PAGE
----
A draft data breach bill introduced by a House Democrat and Republican may have to go through a few more edits before it can advance in committee.
Leading Democrats on the House commerce committee pushed back Wednesday on the draft released last week by vice chair Marsha Blackburn (R-Tenn.), and Peter Welch (D-Vt.) during a hearing to discuss the draft before the commerce, manufacturing and trade subcommittee, chaired by Rep. Michael Burgess M.D. (R-Texas).
“Having some Democrats support a measure does not make a bill bipartisan,” said House commerce ranking member Frank Pallone (D-N.J.), who took a swipe at the GOP leadership for failing to give members a full week to review the draft, bucking a long-held tradition.
With data breaches pummeling consumers and tarnishing brands on almost a daily basis, there’s a lot of energy on both sides of the aisle for some sort of data breach and security bill. How to get there has stumped lawmakers for the last couple of Congresses.
The Data Security and Breach Notification Act would set a national standard for how companies and organizations protect consumer data pre-empting a patchwork of 47 separate state data breach statutes, which makes it a favorite provision of businesses. Companies and organizations would have 30 days to notify consumers if their personal data like social security numbers or account numbers, are compromised. In addition the bill gives broader authority to the FTC to fine companies that fail to secure data.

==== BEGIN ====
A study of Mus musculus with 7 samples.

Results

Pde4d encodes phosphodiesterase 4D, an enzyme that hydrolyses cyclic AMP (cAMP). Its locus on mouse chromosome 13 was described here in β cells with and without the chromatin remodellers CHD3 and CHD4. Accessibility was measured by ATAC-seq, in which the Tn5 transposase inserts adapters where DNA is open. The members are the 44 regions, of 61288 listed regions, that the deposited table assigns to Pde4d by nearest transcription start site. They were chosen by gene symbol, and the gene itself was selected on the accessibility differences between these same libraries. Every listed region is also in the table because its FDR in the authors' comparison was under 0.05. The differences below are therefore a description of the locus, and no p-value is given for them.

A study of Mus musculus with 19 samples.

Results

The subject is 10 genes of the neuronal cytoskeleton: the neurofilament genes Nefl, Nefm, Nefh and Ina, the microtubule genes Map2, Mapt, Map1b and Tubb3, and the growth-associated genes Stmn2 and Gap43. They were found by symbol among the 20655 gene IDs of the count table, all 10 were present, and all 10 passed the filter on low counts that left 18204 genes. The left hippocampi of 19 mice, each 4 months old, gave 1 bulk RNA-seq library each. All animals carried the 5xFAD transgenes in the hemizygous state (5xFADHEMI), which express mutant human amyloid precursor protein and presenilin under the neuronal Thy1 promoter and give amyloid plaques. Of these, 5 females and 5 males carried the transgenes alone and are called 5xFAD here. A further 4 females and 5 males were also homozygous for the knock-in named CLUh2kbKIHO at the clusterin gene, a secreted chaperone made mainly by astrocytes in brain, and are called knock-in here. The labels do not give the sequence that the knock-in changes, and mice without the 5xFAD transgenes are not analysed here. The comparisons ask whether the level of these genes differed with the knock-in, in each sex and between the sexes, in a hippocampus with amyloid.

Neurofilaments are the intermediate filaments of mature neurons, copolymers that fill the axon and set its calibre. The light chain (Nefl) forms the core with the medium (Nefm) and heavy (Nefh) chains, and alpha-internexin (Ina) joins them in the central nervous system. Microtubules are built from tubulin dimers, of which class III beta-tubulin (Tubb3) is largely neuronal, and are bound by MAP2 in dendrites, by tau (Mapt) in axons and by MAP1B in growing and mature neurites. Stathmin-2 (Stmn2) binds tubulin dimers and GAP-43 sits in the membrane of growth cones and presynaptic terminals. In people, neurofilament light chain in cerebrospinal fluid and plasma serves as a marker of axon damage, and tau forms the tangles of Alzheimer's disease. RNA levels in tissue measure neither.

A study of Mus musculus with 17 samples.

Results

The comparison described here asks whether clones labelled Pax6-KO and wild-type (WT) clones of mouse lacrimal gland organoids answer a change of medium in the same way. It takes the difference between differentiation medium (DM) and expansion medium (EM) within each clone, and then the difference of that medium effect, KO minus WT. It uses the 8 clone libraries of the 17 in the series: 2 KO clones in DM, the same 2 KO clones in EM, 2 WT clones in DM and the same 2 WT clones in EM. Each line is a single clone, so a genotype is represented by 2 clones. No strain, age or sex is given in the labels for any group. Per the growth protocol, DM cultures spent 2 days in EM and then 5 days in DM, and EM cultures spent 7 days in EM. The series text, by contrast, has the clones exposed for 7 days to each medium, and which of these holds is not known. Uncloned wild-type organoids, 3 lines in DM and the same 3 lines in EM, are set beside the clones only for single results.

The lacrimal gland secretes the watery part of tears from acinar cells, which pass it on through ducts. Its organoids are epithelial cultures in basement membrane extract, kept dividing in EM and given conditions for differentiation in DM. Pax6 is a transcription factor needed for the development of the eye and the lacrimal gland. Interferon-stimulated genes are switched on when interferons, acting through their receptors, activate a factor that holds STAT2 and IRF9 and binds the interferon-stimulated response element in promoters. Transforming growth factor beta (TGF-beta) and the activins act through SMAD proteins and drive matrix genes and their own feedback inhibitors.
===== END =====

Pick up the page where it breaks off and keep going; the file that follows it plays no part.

“Some will complain about what is not in the bill,” said Burgess. “I want to be very clear. While we don’t tackle privacy in this legislation, we don’t pre-empt it either,” he said.
But Democrats aren’t yet convinced.
Rep. Jan. Schakowsky (D-Ill.) ranking member of the commerce, manufacturing and trade subcommittee ticked off a number of significant changes she’d like to see made to the draft, adding that in its current form it “would leave consumers with fewer privacy protections….” and “prevent states from enforcing their own privacy laws.”
“The draft is too broad where it should be narrow and too narrow where it should be broad,” Schakowsky said.
Stressing that the bill is a discussion draft, Welch said the bill was “narrow and smart” and didn’t limit states to enforce their own privacy statutes. “This isn’t a privacy bill.”
The draft also stirred up a brewing jurisdictional debate between the FTC and the FCC over which agency should take the lead enforcing data security and privacy. Under the FCC’s net neutrality order, the FCC would extend its current privacy authority over common carriers to include broadband service providers. But under the draft data breach bill, the FTC would get broader authority over all data security cases, including common carriers.